You have established your website to better serve your customers. However, are you sure it is your website that your customers are actually accessing?
Companies have come to rely on the Internet to market and distribute their products and services. Their corporate website is the means to reach and serve customers in a convenient, efficient, and cost-effective way twenty-four hours a day. If you are operating a company website, unfortunately, as that website becomes more attractive to your customers, your domain name also becomes appealing to domain name pirates who seek to profit from the goodwill you have created.
The following scenario will illustrate how a domain name pirate is able to create confusion with your customers and trade upon your reputation. A hypothetical company named Virtual Seascapes, Inc. (“Virtual”) sells photos of seaside scenes through its website, virtualseascapes.com. Virtual’s business is doing well. However, one day a customer calls and asks Virtual if they have changed their website because the customer wanted to re-order a product they had purchased previously from Virtual but were unable to find the product on the website. After talking to the customer, Virtual learned that the customer mistyped the domain name. Instead of typing “virtualseascapes.com”, the customer typed “virtualseescapes.com”. When the customer went to virtualseescapes.com, the customer was presented with a series of links to other websites. Some of the links sent the Virtual customer to the websites of Virtual’s competitors. This explained the customer’s inability to find Virtual’s products on the website.
After some additional searching, Virtual found that the mistyped domain name was registered to a domain name pirate. Virtual also found that the same pirate had registered “virtualseascape.com”. Using a technique called “typosquatting”, the domain name pirate selects the domain name for a business with an active website and then registers domain names that are misspelled versions of that company’s domain name.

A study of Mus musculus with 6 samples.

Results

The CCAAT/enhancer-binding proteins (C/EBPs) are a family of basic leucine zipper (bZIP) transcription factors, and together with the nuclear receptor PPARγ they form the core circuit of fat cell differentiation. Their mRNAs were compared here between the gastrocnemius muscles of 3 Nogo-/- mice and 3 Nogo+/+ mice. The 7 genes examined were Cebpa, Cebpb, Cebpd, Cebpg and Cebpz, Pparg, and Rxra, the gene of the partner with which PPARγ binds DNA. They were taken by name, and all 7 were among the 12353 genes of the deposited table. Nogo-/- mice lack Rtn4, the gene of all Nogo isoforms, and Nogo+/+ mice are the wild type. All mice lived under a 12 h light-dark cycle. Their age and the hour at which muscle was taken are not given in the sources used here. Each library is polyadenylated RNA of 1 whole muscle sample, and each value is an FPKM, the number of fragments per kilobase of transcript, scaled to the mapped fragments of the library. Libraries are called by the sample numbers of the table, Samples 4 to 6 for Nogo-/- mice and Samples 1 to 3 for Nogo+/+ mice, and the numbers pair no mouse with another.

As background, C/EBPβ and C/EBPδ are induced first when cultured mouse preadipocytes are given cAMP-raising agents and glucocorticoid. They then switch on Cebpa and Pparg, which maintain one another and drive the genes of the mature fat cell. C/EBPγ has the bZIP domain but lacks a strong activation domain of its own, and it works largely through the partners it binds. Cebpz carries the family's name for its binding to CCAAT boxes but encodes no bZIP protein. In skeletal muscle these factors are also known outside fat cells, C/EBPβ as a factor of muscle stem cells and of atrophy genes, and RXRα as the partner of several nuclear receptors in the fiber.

If you find your company in a situation such as the one described for Virtual Seascapes, the first step may be to send an appropriate letter to the pirate requiring that the misspelled domain name be transferred to you and also demand that the pirate agree in writing not register any similar domain names. Pirates are generally not responsive to these requests. They are also often located outside the U.S., so filing a lawsuit against them can be costly and problematic.
There is another means available to stop the typosquatter. You may pursue the pirate using the dispute resolution process established by the Internet Corporation for Assigned Names and Numbers (ICANN). The dispute resolution process is designed provide resolution in a few months rather than the years required for a typical litigation matter. In the situation described above, a complaint would be prepared which would include the required claims as specified in the ICANN rules. The complaint along with a required fee would then be submitted to one of the ICANN approved dispute resolution organizations which include the National Arbitration Forum (“NAF”) and the World Intellectual Property Organization (“WIPO”). After the complaint is submitted, the arbitration organization assigned an arbitrator to the case and a copy of the complaint is sent to the alleged pirate. The pirate must respond to the complaint within a limited time period, usually thirty days. After the pirate responds or after the time period for response passes (if the pirate does not respond), the arbitrator decides the case. If Virtual is successful, the arbitrator can order the disputed domain to be transferred to Virtual. While this dispute resolution does not permit recovery of other types of monetary damages, it is a quick means of stopping the pirate from using the misspelled domain name to direct your customers to your competitors.
If you think someone is pirating your domain name, please contact Anne C. Keays at firstname.lastname@example.org.